Over the Top Blueberry Muffins

Over the Top Blueberry Muffins


I try to make a habit of going back from time-to-time to retry my recipes from the past, and recently I decided to pit my two blueberry muffin recipes against each other. The recipe from my second book, I’m Just Here For The Food, was designed to be kind of course and forgive the badly overexposed adjective rustic, and the one from Good Eats was formulated to be softer and more cupcake like. And I decided I didn’t like either of them. But a hybrid is just right. Oh, and I upped the portion, not because we need bigger muffins, but because everybody likes a muffin top.

Top Heavy Blueberry Muffins
Yields 13
  1. 22 ounces all-purpose flour
  2. 4 teaspoons baking powder
  3. 2 teaspoons baking soda
  4. 1 teaspoon kosher salt
  5. 8 ounces sugar
  6. 1 cup vegetable oil
  7. 2 large eggs
  8. 2 large egg yolks
  9. 16 ounces plain whole fat yogurt
  10. 1 tablespoon orange zest
  11. 12 ounces fresh blueberries
  12. 2 tablespoons demerera sugar
Instructions
  1. Heat the oven to 375 degrees F and coat a standard 12-cup muffin pan (and one small oven safe ramekin) with non-stick spray.
  2. Whisk together the flour, baking powder, baking soda, and salt in a large mixing bowl. In second bowl whisk together the sugar, oil, eggs, yolks, yogurt and orange zest until smooth.
  3. Make a crater in the middle of the dry ingredients and pour the wet ingredients into it. Stir with a rubber spatula until just barely combined. Resist the urge to over-mix – there should be a some lumps of flour in the batter
  4. Fold in the blueberries, mixing just to combine.
  5. Drop about a cup of batter in each of the muffin tin's wells. Whatever's left over can be dropped into the prepared ramekin. The cups should be quite full.
  6. Sprinkle the muffins with the demerera sugar and bake for 25 to 30 minutes, or until a toothpick inserted into the bottom of a muffin comes out clean.
  7. Remove from oven and turn out, upside down, onto a clean tea towel to cool completely. This step is key in preventing mushy muffin bottoms, which nobody and I do mean nobody likes.
  8. Serve immediately or store in an airtight container for up to a week (or until they taste gross, smell bad, or grow fur).
Notes
  1. The main reason for placing so much batter in each hole is to produce enough rise and spread for a proper muffin top.
ALTON BROWN https://altonbrown.com/
Alton Brown's Blueberry Muffins Recipe

Alton Brown’s Blueberry Muffins Recipe

90 Comments

    Jenn Duckworth

    I made them here this morning with a few twists…lemon zest instead of orange, and vanilla yogurt. They came out beautiful and delicious!!

  2. 2
    Donna G

    I used vanilla greek yogurt and was surprised at how thick and spongy the batter turned out. I only had mini muffin tins – this recipe made 48 minis and I still had leftover batter. Since it was so thick, I used a biscuit cutter to shape 6 additional “muffins” on a parchment lined-quarter sheet (which turned out like muffin tops). This recipe was a big hit – not too sweet, the perfect crumb and moisture. Thanks, Alton! Tossing out my other blueberry muffin recipes.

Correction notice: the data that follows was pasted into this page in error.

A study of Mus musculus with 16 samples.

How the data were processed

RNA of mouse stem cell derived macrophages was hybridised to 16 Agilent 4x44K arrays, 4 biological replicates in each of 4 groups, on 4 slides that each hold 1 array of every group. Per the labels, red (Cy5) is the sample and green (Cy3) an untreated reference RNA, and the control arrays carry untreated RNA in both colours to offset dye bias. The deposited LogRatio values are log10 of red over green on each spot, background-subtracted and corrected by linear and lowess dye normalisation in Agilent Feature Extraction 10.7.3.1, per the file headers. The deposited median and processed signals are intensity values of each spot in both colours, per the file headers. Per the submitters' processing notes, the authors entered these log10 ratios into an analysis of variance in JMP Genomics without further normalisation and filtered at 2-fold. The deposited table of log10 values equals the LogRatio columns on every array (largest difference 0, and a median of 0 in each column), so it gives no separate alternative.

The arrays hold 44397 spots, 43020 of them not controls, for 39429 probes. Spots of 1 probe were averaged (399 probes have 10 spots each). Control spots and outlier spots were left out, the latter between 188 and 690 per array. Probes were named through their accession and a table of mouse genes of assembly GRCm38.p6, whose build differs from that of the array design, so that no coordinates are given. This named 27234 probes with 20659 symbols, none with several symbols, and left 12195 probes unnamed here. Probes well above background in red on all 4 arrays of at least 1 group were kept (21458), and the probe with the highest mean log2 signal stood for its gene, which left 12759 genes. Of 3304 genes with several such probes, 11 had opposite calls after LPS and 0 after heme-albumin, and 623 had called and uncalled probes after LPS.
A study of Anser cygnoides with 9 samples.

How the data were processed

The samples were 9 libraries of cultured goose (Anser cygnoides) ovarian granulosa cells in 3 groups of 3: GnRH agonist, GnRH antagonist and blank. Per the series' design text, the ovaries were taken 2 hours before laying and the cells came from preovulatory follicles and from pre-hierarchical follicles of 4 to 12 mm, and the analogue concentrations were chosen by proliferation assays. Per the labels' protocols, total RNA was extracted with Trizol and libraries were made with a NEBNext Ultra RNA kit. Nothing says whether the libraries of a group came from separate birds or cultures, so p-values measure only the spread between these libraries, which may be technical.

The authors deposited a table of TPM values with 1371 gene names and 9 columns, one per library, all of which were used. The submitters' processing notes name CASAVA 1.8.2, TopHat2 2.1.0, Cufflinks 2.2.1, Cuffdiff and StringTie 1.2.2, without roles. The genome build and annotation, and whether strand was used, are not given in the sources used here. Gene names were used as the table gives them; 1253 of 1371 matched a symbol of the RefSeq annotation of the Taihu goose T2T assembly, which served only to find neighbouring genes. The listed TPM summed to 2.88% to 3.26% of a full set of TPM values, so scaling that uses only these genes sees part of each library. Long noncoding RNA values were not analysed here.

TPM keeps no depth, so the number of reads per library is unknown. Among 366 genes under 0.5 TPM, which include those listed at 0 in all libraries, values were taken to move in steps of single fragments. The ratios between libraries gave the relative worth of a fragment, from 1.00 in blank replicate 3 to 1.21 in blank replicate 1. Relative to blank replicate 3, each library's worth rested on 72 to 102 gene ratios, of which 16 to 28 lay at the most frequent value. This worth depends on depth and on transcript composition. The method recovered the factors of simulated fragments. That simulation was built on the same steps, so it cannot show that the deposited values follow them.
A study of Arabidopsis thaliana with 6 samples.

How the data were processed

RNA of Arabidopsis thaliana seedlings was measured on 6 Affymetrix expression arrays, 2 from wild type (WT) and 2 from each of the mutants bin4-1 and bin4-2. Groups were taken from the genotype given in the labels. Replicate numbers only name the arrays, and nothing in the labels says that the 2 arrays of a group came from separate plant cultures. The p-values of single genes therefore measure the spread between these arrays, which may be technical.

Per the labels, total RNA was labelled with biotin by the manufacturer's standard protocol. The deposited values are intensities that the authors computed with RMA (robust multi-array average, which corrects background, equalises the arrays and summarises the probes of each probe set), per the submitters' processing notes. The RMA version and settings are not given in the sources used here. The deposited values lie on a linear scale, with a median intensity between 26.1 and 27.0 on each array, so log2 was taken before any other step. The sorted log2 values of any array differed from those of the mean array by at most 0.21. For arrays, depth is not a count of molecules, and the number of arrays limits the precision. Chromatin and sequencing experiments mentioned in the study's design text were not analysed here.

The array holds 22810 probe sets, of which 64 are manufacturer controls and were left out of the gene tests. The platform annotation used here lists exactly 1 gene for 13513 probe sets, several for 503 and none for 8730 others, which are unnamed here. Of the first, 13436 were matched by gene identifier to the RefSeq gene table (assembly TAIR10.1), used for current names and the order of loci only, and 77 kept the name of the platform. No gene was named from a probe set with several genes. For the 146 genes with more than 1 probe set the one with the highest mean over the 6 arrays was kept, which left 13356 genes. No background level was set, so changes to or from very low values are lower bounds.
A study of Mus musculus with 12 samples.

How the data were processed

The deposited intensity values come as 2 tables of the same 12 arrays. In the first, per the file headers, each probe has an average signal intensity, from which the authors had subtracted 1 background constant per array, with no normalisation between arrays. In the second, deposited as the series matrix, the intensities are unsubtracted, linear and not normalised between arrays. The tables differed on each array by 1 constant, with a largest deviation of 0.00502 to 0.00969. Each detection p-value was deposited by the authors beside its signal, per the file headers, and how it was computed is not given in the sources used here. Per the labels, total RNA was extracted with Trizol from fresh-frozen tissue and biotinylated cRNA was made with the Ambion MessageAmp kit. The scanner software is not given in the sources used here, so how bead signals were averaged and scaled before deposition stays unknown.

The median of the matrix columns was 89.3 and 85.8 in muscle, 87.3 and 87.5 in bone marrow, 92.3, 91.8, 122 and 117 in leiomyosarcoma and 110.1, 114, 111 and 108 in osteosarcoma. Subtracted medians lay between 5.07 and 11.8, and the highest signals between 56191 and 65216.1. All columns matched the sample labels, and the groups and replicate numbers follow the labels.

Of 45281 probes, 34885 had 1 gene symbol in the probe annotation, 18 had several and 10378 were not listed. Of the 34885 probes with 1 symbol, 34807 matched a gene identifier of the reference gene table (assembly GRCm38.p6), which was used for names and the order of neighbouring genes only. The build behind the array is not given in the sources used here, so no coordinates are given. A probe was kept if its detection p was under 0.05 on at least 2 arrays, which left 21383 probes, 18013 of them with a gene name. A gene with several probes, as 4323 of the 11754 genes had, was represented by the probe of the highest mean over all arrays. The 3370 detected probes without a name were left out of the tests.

3. 4
    Connie

    I like “just the tops” and want to make muffin tops. I have the pan but no idea on how much to put in them or how long to cook them. Can you help and will this recipe work for just tops?

  4. 6
    Evangeline

    Hello, Can you please tell me how much flour to use in cups rather than ounces? I do not have a scale for measuring that way. Looking at a conversion chart, it appears to be 4.99 cups of flour, but that seem like an awful lot of flour for 12 muffins. Thanks.

    • 7
      Garrison

      Use about 4 and 1/4 cups of AP flour. But PLEASE just buy a kitchen scale! They’re less than 25 bucks. Bite the bullet and after you’ll have eternal happiness.

  5. 8
    Stacey

    I just made these and they turned out great. I opted to use sour cream vs yogurt and my batter was very thick as well. I’m very happy with how they came out.

  6. 9
    SamSam

    Salt surprises. When salt is put in the dry especially when it isn’t mixed well with the wet it is too easily tasted. Also when its Kosher salt it’s more noticeable like the giant crystals on pretzels. I often mix the salt with the wet so it dissolves out more and I’m not left with explosions of saltiness when enjoying the food but I do have really sensitive tastes buds.

  7. 10
    Lauren

    I wish I’d read the comments before I baked! I used full-fat Greek yogurt (picked it up by mistake) and the batter was indeed like that for scones. Agree with adding a couple of ounces of sugar, but one of my willing taste-testers liked them as-is. I, too, thought the zest was too strong; will leave it out next time, as I’m not a fan anyway. May try almond extract at some point. BUT: texture was exactly what I was looking for. Most recipes give you blueberry cake, not muffins. The coarse crumb was wonderful. I didn’t bother with the overfill, as I wanted more manageable muffins, but next time I’d bake at 350. At 375, the muffins were a bit too brown after 25 minutes – they have delightfully crunchy exteriors but I’m concerned they’ll dry out too fast. The yield I got was 12 standard and 20 minis (and that particular set of mini tins is large-ish). Popped most of them in the freezer and we’re good to go. I was thrilled to find a recipe that turns out so many muffins, because if I’m going to mess up the kitchen, I want plenty to show for it.